Several historical and social factors contributed to the development of the new Hollywood cinema. The filmmaking industry has gone through numerous changes. The changes have led to the emergence of new business models in the industry. As such, modern filmmaking has emerged from the upgrading of earlier platforms.
It caused tension and disagreements during many occasions. Notably, the West Coast was responsible for major studio operations, integration of the company’s economy, and translation of fiscal policy in the filmmaking industry. Therefore, it was necessary for the West Coast to work together with New York City counterparts during the mid 20th century. By working together, new Hollywood emerged.
Another historical change that led to the development of the new Hollywood cinema is its major films. The major Hollywood film owners, which include Warner Bros, RKO, Paramount, Twentieth Century-Fox, and MGM, sold about 40-60 million films annually (Allen 2003, p.6). The above sales constituted 50% of the film industry in America. The above major film owners controlled 3000 of the total 23000 cinemas opened in the United States before World War II. Their shares accounted for a small percentage, but it was the best portion and formed a premiere cinema. With time, the owners of the major films imposed terms that forced the smaller cinemas to accept their decisions. The terms they imposed were prohibitive. The terms involved grouping the least attractive and most attractive films in what was known as a block booking.
Another historical change that was witnessed in the US filmmaking industry is the technological changes. Over several decades, the filmmaking has experienced technological changes, which include a change in the screen shape, format, and the audio quality (Allen 2003, p.3). Actually, such technological changes required a huge amount of money to keep the cinema industry entertaining and attractive. Further, the industry observed the development of new media platforms, which included digital, computer-based, and celluloid. The new media developed because of the interactions with traditional filmmaking. As such, the American filmmaking went through many stages and labels, which include classical, production line, mature oligopoly, and studio system.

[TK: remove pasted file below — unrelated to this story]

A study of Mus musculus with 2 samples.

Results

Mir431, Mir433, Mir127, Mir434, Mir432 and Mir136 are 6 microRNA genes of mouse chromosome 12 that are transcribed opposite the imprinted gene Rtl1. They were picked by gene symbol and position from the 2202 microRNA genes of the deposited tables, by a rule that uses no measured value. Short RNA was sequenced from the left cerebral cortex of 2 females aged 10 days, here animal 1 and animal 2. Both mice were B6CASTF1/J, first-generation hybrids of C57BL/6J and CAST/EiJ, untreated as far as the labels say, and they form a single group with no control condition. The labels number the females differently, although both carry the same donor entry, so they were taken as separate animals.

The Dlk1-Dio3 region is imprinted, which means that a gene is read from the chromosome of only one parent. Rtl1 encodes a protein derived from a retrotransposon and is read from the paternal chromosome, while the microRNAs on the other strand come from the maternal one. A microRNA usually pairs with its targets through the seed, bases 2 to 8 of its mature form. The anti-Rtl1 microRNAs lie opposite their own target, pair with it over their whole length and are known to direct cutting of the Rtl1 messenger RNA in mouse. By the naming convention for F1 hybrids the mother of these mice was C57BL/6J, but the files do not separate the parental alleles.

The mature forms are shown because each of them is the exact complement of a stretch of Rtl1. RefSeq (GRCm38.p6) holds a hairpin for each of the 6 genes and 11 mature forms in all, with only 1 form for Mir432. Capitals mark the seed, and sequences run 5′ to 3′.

Another historical fact, which led to the development of new Hollywood cinema, is the case between the United States and the Paramount Pictures. The case started in the 1930s and settled in court in 1948 (Allen 2003, p.8). In the case, the five major cinemas were charged for conspiring a monopoly in the industry, which led to discrimination of smaller cinema. Therefore, block booking was stopped following a court order. Exhibitors were allowed to get films from individuals.
Despite the Paramount case and court decision, the power remained a possession of the same companies. The effort of Paramount was to stop block booking and vertical integration of the major companies. In the 1950s and 1960s, the selling of films involved the block booking, which bundled out the smaller filmmakers. During the 1970s and 1980s, the block booking and vertical integration got revival as the major companies reinvested in the exhibition. For instance, the MCA purchased 49% of the Cineplex Odeon, while the Columbia Pictures took over the Loews Theatres (Allen 2003, p.10).
Several social changes ushered in the emergence of new Hollywood cinema. After the end of the Second World War, numerous changes in society emerged. The changes included leisure behaviors, liberations, nuclear family setup, and sexual relationships. All these factors contributed to the emergence of a new Hollywood cinema because they influenced the film industry. After the end of World War II, the figures of the cinema audience increased. When soldiers returned home to their families and wives, a number of them started attending cinemas as an effort to strengthen their relationships. It is estimated that over 60 million people went to movie shows every week in the year 1946 (Allen 2003, p.6). However, these figures dropped to around 46million people in the year 1951.
Another major social change that led to the emergence of new Hollywood films is that between the 1960s and 1970s, people started moving out of cities into the suburbs and stopped watching cinemas. The film industry could not afford to build new cinemas in the suburbs. Therefore, young married couples travel less to cities to watch movies.
Equally, other fun activities such as sports, bowl, and traveling brought competition to the movies. Therefore, the conventional movie industry had to change to retain this audience. The industry realized that the youth and teenagers who had financial and social freedom were their major audience.
Racial difference between the black and white was also observed in the cinema between the 1960s-1970s (Allen 2003, p.11). In 1971, the Black films such as Sweet Sweetback’s, which were directed by Melvin Van was produced and became popular among the black audience. All these social and historical changes led to the development of the new Hollywood cinema of the 1960s and 1970s.
Allen, M 2003, Contemporary US cinema. Longman. Harlow, England. Web.